2016 National Book Award Longlist, Nonfiction
Andrew J. Bacevich
America’s War for the Greater Middle East: A Military History
(Random House/Penguin Random House)
National Book Foundation: Who did you write this book for?
Andrew J. Bacevich: I wrote my book for the Americans—that's most of us—who have somehow have missed out on the fact that being at war has become our new normal. And I wrote it for the much smaller number of our fellow citizens—soldiers and their families—who know quite well what it means to be engaged in an armed conflict without end.
ABOUT THE BOOK
Retired army colonel and New York Times bestselling author Andrew J. Bacevich provides a searing reassessment of U.S. military policy in the Middle East over the past four decades.
From the end of World War II until 1980, virtually no American soldiers were killed in action while serving in the Greater Middle East. Since 1990, virtually no American soldiers have been killed in action anywhere else. What caused this shift? Andrew J. Bacevich, one of the country’s most respected voices on foreign affairs, offers an incisive critical history of this ongoing military enterprise—now more than thirty years old and with no end in sight.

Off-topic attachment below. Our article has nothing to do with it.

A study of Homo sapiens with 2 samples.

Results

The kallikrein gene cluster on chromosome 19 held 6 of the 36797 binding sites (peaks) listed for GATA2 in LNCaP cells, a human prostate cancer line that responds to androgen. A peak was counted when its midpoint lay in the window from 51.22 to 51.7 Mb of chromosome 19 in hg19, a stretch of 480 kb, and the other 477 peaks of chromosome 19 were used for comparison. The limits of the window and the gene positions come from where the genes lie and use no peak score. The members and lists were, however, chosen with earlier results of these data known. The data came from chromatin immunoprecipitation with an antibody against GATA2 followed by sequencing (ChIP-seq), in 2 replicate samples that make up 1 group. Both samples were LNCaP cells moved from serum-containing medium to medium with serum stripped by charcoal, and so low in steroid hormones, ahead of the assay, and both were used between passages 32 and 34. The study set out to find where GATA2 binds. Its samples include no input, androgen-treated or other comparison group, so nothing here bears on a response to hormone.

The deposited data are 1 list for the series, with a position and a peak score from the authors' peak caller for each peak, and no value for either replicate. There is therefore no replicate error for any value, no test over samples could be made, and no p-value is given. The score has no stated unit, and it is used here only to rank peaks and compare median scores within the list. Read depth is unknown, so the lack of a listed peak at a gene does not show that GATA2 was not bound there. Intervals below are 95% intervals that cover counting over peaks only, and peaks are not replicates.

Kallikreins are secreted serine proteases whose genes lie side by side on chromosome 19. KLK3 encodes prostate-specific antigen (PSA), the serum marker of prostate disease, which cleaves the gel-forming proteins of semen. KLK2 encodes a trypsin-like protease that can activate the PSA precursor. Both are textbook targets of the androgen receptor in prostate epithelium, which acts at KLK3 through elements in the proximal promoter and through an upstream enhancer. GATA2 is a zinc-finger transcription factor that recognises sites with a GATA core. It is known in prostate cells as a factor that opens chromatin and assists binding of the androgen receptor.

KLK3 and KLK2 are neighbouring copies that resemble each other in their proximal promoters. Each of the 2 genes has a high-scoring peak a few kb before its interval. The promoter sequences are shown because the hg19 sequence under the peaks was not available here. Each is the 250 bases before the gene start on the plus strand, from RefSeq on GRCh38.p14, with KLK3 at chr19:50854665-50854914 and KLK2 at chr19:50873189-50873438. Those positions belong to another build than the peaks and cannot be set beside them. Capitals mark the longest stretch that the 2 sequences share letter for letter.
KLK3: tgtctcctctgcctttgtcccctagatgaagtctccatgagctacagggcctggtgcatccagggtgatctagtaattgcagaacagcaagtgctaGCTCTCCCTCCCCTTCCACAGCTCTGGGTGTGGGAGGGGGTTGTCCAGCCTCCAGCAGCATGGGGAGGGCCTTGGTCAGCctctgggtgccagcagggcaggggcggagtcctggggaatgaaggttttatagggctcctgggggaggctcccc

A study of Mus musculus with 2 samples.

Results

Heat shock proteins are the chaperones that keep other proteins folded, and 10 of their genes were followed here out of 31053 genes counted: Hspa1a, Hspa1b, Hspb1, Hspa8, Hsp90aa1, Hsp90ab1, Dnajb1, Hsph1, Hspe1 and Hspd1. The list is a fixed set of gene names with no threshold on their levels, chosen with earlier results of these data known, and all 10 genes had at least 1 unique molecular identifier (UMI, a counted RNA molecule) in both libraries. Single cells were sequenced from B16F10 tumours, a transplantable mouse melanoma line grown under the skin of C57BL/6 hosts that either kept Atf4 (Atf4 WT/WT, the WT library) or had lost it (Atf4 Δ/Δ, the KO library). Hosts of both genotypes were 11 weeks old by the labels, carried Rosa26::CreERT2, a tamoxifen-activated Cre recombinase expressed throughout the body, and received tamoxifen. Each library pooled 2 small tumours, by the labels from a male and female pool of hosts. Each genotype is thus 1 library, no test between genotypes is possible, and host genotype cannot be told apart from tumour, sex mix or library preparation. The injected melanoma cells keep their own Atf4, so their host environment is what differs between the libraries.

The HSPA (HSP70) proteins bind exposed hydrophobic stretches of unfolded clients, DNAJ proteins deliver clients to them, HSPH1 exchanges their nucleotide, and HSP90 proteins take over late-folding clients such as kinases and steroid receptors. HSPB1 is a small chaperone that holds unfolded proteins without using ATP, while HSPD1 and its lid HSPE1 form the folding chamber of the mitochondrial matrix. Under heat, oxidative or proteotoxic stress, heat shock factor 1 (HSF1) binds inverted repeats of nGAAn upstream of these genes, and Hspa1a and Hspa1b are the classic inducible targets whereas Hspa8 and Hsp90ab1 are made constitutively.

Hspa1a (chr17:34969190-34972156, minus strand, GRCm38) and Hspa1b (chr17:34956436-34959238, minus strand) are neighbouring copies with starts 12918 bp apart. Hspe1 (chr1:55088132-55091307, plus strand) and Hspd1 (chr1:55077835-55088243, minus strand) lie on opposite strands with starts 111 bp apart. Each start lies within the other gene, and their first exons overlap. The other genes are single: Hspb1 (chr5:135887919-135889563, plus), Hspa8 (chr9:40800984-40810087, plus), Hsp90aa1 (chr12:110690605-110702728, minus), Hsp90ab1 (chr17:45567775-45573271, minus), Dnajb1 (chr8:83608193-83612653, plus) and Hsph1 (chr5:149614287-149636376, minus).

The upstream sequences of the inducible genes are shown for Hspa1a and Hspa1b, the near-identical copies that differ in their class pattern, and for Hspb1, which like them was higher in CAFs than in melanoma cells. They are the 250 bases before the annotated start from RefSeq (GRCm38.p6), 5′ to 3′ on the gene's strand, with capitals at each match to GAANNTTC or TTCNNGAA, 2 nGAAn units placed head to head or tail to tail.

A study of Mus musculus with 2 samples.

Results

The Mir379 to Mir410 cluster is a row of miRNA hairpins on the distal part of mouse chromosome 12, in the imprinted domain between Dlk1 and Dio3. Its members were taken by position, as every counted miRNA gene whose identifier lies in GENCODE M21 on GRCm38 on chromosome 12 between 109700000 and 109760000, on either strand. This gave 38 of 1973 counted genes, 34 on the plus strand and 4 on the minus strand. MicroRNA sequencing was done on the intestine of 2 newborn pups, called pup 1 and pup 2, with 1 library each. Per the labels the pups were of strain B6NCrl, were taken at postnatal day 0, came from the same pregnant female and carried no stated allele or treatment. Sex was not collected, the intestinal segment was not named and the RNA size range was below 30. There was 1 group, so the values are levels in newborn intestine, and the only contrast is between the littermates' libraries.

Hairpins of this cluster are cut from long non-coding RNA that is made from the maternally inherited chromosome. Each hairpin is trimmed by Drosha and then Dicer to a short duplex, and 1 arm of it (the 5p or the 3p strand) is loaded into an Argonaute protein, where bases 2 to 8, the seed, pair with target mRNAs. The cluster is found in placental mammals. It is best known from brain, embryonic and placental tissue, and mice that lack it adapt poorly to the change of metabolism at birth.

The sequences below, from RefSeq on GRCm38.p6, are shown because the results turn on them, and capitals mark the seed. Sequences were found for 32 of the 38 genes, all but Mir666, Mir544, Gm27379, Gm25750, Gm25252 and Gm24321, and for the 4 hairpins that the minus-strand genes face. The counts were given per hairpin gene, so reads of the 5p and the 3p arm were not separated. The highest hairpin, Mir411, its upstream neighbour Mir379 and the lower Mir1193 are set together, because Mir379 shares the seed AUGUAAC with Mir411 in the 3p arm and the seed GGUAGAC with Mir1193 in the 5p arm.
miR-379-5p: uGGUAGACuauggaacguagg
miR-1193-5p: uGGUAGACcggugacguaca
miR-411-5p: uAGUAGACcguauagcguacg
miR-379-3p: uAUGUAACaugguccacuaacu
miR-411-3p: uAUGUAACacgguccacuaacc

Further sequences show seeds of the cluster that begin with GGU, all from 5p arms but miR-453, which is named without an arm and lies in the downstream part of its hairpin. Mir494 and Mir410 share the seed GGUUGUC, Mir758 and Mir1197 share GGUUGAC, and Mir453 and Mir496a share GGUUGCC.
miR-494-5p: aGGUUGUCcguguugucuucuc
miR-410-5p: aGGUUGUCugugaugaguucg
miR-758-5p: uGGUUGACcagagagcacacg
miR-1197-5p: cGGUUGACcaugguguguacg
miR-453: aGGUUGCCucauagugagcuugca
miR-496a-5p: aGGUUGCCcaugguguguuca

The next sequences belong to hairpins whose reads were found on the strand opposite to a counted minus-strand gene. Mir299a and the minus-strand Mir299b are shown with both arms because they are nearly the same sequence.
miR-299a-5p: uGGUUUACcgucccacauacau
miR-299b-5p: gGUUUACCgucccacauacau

About the Author
Andrew J. Bacevich is a retired professor of history and international relations at Boston University. A graduate of the United States Military Academy, he served for 23 years as a commissioned officer in the United States Army. Before joining the faculty of Boston University in 1998, he taught at West Point and at Johns Hopkins University. His three most recent books—Breach of Trust, Washington Rules, and The Limits of Power—were on the New York Times Bestseller List. A winner of the Lannan Notable Book Awards, he lectures frequently at universities around the country. He lives in Walpole, Massachusetts.